A logical and well-thought-out floor plan which is driven by retail data is the path to a successful merchandising strategy; here are a few reasons why: floor plans dictate how categories flow from one to the next to make sure that customers can find the items they are looking for. They help to increase sales through logical product placement. And finally, floor plans determine which complementary products or similar brands are placed in close proximity to encourage cross-category or cross-brand sales.
A floor plan will always aim to achieve the two following objectives:
1. Reduce store congestion. You can reduce store congestion by making sure popular categories are spread out across the store, as opposed to having all popular categories placed in the same location, which would create a lot of traffic.
2. Allocate category space correctly according to the performance of each category, so that products with higher demand are always well represented in the store.
So how do you create the most logical and profitable floor plan? As seen in the previous blog, retailers can use category management software to create spectrum highlights for planograms, to better monitor the performance of their shelves and identify opportunities to increase the overall category and sales performance of a planogram. In the same way, creating spectrum highlights for floor plans can be a useful tool for floor planning. This function enables floor planners to highlight and rank the different categories on a floor plan, based on certain performance-based criteria such as sales, profit or weekly movement:
We call this a heat mapped floor plan. Heat mapped floor plans are a good way to ensure product categories receive correct space allocation and placement in the store. Below is an example of a customised heat mapped floor plan created in CatMan Enterprise:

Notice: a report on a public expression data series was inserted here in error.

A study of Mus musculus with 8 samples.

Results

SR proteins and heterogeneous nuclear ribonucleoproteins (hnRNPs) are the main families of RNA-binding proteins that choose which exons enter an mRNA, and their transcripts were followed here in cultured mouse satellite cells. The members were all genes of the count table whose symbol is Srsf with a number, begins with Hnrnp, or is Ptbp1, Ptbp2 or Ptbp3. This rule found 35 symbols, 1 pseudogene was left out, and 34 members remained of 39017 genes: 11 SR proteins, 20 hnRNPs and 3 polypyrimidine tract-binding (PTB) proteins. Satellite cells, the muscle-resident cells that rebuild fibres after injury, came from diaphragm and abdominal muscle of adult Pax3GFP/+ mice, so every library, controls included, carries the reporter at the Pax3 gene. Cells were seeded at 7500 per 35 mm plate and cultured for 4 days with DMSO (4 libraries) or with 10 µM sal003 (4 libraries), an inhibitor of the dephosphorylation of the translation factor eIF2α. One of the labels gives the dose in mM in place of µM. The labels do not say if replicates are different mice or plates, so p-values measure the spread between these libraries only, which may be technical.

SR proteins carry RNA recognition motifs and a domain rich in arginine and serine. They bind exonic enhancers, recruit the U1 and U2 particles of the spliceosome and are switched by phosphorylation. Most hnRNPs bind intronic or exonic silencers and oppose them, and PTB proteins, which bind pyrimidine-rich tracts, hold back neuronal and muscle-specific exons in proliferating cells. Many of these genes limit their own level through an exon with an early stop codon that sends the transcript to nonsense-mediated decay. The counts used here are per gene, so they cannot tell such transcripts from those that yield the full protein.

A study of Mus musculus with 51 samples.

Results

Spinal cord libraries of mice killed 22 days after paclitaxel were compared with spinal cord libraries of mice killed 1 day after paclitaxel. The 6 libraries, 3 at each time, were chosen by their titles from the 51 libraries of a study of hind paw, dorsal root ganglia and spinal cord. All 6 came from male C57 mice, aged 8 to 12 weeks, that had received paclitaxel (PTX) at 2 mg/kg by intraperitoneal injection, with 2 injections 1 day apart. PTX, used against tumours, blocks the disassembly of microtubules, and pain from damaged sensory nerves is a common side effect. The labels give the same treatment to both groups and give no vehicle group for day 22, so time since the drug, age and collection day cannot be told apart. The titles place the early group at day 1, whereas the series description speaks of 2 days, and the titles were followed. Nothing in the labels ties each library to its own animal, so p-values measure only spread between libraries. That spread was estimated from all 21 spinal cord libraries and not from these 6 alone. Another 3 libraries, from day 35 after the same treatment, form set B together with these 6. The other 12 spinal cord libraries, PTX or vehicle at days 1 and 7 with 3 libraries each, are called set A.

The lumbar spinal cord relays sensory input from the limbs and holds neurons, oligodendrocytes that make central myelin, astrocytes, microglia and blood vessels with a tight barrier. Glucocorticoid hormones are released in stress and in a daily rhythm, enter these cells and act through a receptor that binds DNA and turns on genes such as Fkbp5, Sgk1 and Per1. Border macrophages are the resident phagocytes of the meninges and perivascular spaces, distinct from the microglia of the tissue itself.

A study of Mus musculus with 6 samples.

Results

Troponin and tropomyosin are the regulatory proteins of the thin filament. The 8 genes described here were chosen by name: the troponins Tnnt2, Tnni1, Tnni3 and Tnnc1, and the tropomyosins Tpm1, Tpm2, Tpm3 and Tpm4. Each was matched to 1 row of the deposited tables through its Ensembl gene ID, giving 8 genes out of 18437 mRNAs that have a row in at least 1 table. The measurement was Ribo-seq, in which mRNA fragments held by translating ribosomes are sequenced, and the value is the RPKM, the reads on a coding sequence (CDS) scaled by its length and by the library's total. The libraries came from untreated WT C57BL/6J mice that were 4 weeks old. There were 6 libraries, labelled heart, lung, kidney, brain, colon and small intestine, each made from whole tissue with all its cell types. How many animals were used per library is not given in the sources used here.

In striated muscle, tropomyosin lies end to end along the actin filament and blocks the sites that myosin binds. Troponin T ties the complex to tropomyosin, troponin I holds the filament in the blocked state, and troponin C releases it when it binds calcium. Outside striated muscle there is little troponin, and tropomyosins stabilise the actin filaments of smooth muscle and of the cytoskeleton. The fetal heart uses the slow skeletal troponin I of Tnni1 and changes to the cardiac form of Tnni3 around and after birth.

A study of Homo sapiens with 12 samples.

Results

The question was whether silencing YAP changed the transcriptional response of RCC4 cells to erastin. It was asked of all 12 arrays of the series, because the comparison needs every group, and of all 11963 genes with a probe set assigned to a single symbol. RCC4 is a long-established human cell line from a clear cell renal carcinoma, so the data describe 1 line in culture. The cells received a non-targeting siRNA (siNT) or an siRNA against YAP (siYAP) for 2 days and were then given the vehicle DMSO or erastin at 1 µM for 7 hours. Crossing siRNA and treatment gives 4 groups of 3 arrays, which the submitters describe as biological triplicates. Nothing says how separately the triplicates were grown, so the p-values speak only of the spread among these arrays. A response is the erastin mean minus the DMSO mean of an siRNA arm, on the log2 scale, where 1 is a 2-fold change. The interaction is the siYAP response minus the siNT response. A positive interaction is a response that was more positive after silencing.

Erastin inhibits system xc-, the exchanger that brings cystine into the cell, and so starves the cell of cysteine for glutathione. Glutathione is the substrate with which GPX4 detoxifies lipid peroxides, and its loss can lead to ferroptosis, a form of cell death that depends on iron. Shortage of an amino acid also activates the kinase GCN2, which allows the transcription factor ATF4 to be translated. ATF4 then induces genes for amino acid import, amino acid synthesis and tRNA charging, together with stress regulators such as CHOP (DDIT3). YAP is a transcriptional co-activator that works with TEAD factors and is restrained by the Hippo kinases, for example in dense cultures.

The floor plan highlights every product category in the store by attributing a colour code that reflects a ranking of each category based on their sales performance. In other words, the categories highlighted in red are the categories which have the highest sales, and the categories in blue the lowest sales. In this example, the categories in red are spread out evenly which will ensure that customers can shop without too much traffic.
Using Heat Maps to Reinforce Your Merchandising Strategy
Generating a heat map based on factual information is a good way for a retailer to visually represent where best performing categories are located in the store. By analysing and comparing the performance of the different categories, the retailer can make decisions such as increase the space allocated to a category that is performing well, or place a category in a different area if there are too many high sales categories in the same area. In almost every case, a retailer will want to use one of the following 3 performance based fields: Sales, Profit and Weekly Movement.
For example, if the strategy is to encourage shoppers to buy products with higher margins, the retailer might want to allocate more space to categories generating the most profit and place them in more accessible areas around the shop.
On the other hand, if the positioning of the retailer is more geared towards economy products and the strategy more focused on pushing higher volumes/units of merchandise, more space might want to be allocated to categories which show higher levels of Weekly Movement. In this example, the floor planner can use the heat map function to highlight categories based on the weekly movement on shelf (for example if the shelf sells 50 units in 7 days the weekly movement is 50). The heat map will highlight the categories which have the highest weekly movement, enabling the floor planner to view where they are placed in the store and determine if they are well positioned with the correct space allocation.